Back in 2004, a wise bartender told a befuddled Ron Burgundy, "Ladies can do stuff now, and you're going to learn how to deal with it." A decade or so later, it looks like both Ron and the good folks in Hollywood might have finally caught on to that all-important fact.
From raunchy bridesmaids to wisecracking lady cops, from Katniss Everdeen to "The Girl with the Dragon Tattoo," the past couple years in film have been a breath of fresh air when it comes to complex female protagonists. But for all their butt-stomping, bank-robbing, demon-slaying heroics, there's one thing the good women of Hollywood still mostly don't do: go bad.
Which is why we're so very excited for 2014, because many of the most-anticipated films of next year have female characters doing just that. In "Serena," starring Jennifer Lawrence and Bradley Cooper, the titular character is the cunning wife of a 1930s timber baron whose ambitions drive her husband's success; a sweet-natured lady, she's not.
"Gone Girl," based on the novel by Gillian Flynn, will introduce audiences to one of the most unnerving and unlikeable women ever to carry a story, on screen or in print.
In "Divergent," heroine Tris -- a strong, multifaceted girl in her own right -- will face off against a smart, strong, commanding antagonist played with steely resolve by Kate Winslet.
And Maleficent, a woman so cruel and unhinged that she responded to a royal party snub by putting a death curse on a baby, is not just the star of her very own film but also getting fleshed out with a backstory that puts her abominable behavior in perspective.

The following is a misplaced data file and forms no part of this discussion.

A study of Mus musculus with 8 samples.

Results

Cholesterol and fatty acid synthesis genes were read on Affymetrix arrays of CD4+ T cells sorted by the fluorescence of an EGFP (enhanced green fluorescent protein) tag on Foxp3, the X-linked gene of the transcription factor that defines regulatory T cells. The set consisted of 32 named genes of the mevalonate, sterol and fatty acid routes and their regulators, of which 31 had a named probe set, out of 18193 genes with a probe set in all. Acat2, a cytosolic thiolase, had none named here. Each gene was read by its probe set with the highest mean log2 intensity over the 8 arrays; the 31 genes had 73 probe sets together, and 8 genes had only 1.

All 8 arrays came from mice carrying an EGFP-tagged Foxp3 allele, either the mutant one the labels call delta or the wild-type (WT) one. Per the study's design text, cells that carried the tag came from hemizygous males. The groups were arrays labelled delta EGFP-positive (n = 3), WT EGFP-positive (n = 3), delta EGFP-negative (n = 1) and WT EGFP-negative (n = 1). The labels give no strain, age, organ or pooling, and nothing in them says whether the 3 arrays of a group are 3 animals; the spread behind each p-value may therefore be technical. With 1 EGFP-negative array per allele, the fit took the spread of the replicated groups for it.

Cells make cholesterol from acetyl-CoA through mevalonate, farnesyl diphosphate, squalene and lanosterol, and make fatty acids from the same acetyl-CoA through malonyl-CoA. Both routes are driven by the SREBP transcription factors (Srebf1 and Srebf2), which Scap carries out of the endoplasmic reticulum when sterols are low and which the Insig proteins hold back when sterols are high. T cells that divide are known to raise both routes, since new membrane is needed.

The sudden rise of the well-rounded villainess is an exciting development in a landscape where truly interesting female baddies are so few and far between. Even after the dissolution of the classic Hollywood strictures requiring that morality-flouting women characters had to repent or die, most ladyvillains have remained mere one-dimensional stereotypes: Sex-Crazed Jezebel ("Fatal Attraction"); Materialistic Post-Menopausal Prune (Cruella deVille); or Mean and Crazy for No Apparent Reason, a category in which the evil fairy of "Sleeping Beauty" has long been included.
For someone like Maleficent to now not only headline a movie, but to be given the same sympathetic origin-story treatment as, say, Wolverine -- and with Angelina Jolie in the lead role, no less -- is a first.
Whether complex female antagonists are poised to become the new queen bees in Hollywood remains to be seen. These movies could be the first wave in an amazing new trend of Big Bads Who Wear Bras, or they could be an isolated phenomenon that eventually vanishes beneath a sea of more standard-issue characters.
But with at least four villainesses ready to eat up the screen this year, we're optimistic that 2014 will be a very good year for very, very bad girls.